This past weekend, 30,000 New York City 8th graders took the Specialized High School Admissions Test (SHSAT) in hope of being among the 4,000 students accepted to one of the eight schools which use the SHSAT as its sole qualifying measure. This year, twenty percent of seats at every school are being set aside as part of a Discovery Program for students who didn’t make the cut-off, but are both low-income and attend a low-income middle-school. (In the past, the percentage was much lower, and applied to all low-income students.)
But that’s not enough for either Mayor Bill de Blasio or School Chancellor Richard Carranza. Even the Discovery Program will not make the SHSAT schools look the way they’d like them to look. Mayor de Blasio campaigned on a platform of making the SHSAT schools more “diverse,” as he defined it. But, during his first term, he was too busy with his own kids attending Screened and Specialized Schools, and pulling strings to help his Deputy Mayor do the same, to devote much attention to the cause.
Now that his children have graduated and he’s in his second term with nothing to lose, de Blasio and Carranza introduced a doomed bill in the NY State Senate that would eliminate the SHSAT in favor of accepting the top seven percent of students from every public middle school. The fact that they did it a few weeks before end of session suggests just how serious they were about getting it passed but, hey, it won them the headlines they crave!
Now, a new admissions year is upon us and Carranza, who previously was too busy being Chancellor in San Francisco, where his daughter attended a Screened high school, has come to the tardy realization that, actually, they don’t need State Senate authorization to change admission at all eight SHSAT high schools. Five of them are already under NYC control! Carranza declined to do so, however, citing that the schools wish to stay together. And we all know how sensitive Carranza is to what the SHSAT schools – and NYC parents – wish.
In the meantime, advocates charge that using grades instead of a single test score is a better predictor of students’ potential success. The Wall Street Journal calculated that, should the new plan go into effect, a percentage of accepted students would enter performing well below grade level on state tests (which are already way below the material covered on the SHSAT).
Will that make a difference in the character of the schools themselves?
In my experience, it’s not the SHSAT schools that make the kids. After all, they have the same Department of Education (DOE) teachers teaching DOE curriculum in DOE buildings. It’s the kids that make the SHSAT schools.
Change the kids, change the schools.
I don’t think there is anything fundamentally wrong with the kids who would be admitted using the seven percent method. Except that many have been horribly cheated via a school system that made them think they were mastering Algebra when it was actually pre-Algebra.
I don’t think there will be any more disciplinary problems among them than there are in the traditionally-accepted cohort. And I expect graduation rates will remain the same. After all, NYC graduation rates have been going up for years… even as college readiness rates decline.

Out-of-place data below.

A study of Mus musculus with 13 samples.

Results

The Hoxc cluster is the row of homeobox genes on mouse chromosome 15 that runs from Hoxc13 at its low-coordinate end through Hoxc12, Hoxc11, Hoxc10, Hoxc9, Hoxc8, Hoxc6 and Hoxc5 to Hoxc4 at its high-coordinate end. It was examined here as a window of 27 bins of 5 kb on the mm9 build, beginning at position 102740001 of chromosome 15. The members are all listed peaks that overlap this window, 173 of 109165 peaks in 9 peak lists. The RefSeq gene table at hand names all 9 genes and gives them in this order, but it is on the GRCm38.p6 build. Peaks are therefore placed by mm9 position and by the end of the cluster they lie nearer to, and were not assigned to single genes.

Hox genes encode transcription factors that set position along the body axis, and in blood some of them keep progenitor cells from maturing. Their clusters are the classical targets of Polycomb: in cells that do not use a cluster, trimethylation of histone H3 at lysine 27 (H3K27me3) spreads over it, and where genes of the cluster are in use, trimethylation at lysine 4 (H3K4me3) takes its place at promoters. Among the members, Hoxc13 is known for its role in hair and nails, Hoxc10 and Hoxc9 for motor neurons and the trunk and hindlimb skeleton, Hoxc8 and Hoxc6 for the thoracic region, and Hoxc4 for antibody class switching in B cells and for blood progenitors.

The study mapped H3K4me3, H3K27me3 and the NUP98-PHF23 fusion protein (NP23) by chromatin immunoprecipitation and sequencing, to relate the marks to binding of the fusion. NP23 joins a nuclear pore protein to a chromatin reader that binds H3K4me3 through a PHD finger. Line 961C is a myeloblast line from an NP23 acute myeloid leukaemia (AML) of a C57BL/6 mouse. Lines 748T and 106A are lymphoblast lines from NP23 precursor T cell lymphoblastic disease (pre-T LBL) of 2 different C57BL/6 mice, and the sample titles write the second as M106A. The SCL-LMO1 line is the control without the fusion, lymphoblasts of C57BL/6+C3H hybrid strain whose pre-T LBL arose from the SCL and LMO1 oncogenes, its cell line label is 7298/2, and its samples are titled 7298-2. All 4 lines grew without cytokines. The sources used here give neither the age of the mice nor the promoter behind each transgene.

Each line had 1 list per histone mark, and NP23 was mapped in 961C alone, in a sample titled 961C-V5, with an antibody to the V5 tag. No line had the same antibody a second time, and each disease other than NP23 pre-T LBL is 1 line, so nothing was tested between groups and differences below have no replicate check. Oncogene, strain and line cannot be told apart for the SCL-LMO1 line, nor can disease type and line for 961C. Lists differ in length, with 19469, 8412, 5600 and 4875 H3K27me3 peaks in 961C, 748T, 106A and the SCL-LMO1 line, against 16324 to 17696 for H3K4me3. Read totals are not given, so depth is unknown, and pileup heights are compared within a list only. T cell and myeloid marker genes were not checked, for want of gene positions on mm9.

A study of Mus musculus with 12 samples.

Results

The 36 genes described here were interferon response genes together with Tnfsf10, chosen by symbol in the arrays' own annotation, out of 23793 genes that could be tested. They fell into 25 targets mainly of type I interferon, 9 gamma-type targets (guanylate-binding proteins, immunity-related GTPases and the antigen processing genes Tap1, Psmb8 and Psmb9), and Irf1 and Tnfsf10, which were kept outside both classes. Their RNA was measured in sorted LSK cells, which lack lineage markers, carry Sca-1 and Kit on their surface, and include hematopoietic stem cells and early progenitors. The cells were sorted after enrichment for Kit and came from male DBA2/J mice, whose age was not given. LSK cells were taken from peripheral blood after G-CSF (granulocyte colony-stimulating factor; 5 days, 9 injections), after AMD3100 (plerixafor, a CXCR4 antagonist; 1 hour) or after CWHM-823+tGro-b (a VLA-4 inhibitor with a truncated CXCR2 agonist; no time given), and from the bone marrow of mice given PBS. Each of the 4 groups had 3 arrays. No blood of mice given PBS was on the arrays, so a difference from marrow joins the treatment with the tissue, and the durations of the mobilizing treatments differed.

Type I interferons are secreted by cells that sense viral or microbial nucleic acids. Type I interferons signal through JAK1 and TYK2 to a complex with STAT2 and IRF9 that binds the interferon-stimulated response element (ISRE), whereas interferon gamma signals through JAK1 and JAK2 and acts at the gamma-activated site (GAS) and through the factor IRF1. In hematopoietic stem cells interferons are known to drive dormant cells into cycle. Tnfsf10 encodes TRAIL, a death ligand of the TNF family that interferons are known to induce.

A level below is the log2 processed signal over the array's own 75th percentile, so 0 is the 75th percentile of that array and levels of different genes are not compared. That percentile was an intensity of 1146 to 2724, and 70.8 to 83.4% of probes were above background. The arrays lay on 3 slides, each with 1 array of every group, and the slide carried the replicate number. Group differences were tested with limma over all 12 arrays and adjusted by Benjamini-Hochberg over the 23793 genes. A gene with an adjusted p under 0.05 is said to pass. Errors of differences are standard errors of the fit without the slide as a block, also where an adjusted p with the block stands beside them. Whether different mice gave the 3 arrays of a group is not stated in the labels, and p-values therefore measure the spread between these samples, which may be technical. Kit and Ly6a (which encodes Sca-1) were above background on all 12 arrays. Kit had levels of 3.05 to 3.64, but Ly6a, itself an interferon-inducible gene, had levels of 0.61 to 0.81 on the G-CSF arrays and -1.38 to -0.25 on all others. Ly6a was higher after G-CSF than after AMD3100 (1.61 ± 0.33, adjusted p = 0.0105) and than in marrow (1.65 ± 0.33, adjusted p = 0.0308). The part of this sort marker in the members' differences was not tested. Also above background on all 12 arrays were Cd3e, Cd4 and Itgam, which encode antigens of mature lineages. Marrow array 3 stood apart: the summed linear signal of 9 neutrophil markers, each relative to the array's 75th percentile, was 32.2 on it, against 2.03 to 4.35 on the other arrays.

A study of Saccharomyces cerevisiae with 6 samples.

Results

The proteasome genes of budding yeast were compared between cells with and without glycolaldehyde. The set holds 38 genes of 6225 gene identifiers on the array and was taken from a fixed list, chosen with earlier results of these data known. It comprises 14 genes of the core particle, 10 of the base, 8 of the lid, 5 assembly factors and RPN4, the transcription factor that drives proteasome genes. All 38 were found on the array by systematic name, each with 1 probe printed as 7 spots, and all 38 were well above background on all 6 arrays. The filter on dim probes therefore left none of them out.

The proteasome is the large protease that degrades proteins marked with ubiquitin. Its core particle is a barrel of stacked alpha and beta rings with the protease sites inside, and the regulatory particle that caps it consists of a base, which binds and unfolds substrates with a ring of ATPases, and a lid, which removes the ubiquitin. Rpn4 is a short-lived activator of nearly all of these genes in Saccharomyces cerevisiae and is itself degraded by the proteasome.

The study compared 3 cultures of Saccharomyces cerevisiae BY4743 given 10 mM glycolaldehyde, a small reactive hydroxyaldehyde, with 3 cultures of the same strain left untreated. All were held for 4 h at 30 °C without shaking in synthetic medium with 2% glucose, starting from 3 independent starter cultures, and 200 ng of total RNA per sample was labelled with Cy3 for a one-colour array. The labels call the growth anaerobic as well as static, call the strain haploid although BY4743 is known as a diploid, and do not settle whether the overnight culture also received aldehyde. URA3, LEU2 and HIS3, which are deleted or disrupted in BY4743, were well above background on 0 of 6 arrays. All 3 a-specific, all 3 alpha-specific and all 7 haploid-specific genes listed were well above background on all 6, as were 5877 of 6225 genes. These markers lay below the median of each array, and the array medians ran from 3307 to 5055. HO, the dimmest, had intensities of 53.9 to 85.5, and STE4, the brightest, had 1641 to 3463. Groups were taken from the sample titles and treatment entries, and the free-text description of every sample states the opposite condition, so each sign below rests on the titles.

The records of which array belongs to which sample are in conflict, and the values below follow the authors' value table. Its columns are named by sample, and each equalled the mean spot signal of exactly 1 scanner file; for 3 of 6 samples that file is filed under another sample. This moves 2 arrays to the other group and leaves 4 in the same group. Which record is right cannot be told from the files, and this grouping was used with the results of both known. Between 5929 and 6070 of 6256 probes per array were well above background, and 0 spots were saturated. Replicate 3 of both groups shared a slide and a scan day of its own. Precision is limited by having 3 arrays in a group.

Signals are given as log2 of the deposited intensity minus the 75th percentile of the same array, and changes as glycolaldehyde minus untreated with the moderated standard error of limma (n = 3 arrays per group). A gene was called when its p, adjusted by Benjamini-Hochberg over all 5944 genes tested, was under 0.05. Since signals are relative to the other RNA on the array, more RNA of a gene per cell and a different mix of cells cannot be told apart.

But here is what I do think will happen:
A school like Stuyvesant puts little weight into Regents scores. Because my younger son passed the Living Environment Regents, he was able to go straight into an AP Environmental Science course as a freshman. But, even though he’d passed the Algebra 2 Regents, Stuyvesant still made him take its own placement exam, and he was assigned to Geometry. My older son, in Freshman year, was given a double course of Algebra 1 and Geometry, due to his weaker performance on Stuy’s placement test. (He did, however, make it to AP World History much quicker; different kids, different interests, different skill levels, a concept the entire NYC, one-size-fits-all school system has trouble with.)
The goal is to make it so that all students have the chance to take calculus by Senior Year.
But what will happen if a significant number of students come in not ready for Algebra, as their state test scores would indicate. What happens if they require remediation to get even to the Algebra 1 level?
Courses will need to be changed. Sections will need to be shrunk and/or expanded. Teachers will need to be reassigned. Less students will make it to calculus, less students will be eligible to take AP and other advanced courses in freshman and sophomore years, so less such courses will be offered.
Bright, hard-working kids will still graduate with Stuyvesant, Bronx Science, Brooklyn Tech, et. al. diplomas. But will those diplomas mean what they used to mean? Not just to colleges – I’d even wager admissions will stay more or less the same – but to the students themselves?
We have a chance to find out. Instead of going back to the Senate for another virtue-signalling self-promotion session, NYC could change admissions to the five SHSAT schools they still control. And see what happens.
Not just for one year, not just for two, not even for the four years of a single graduating class, but for several graduating classes. We would see if accepting students based on grades, regardless of test scores either at or above grade level, necessitates a change in what courses are offered and how they are taught. If less kids make it to calculus, we’ll have data. If less students take fewer AP courses, and if they end up taking them later, we’ll know that, too.
We have the means to run an experiment. But, just like when they sat on an in-house report that indicated SHSAT scores are, in fact, a good predictor of school success, are the Mayor and Chancellor afraid of what those results might show?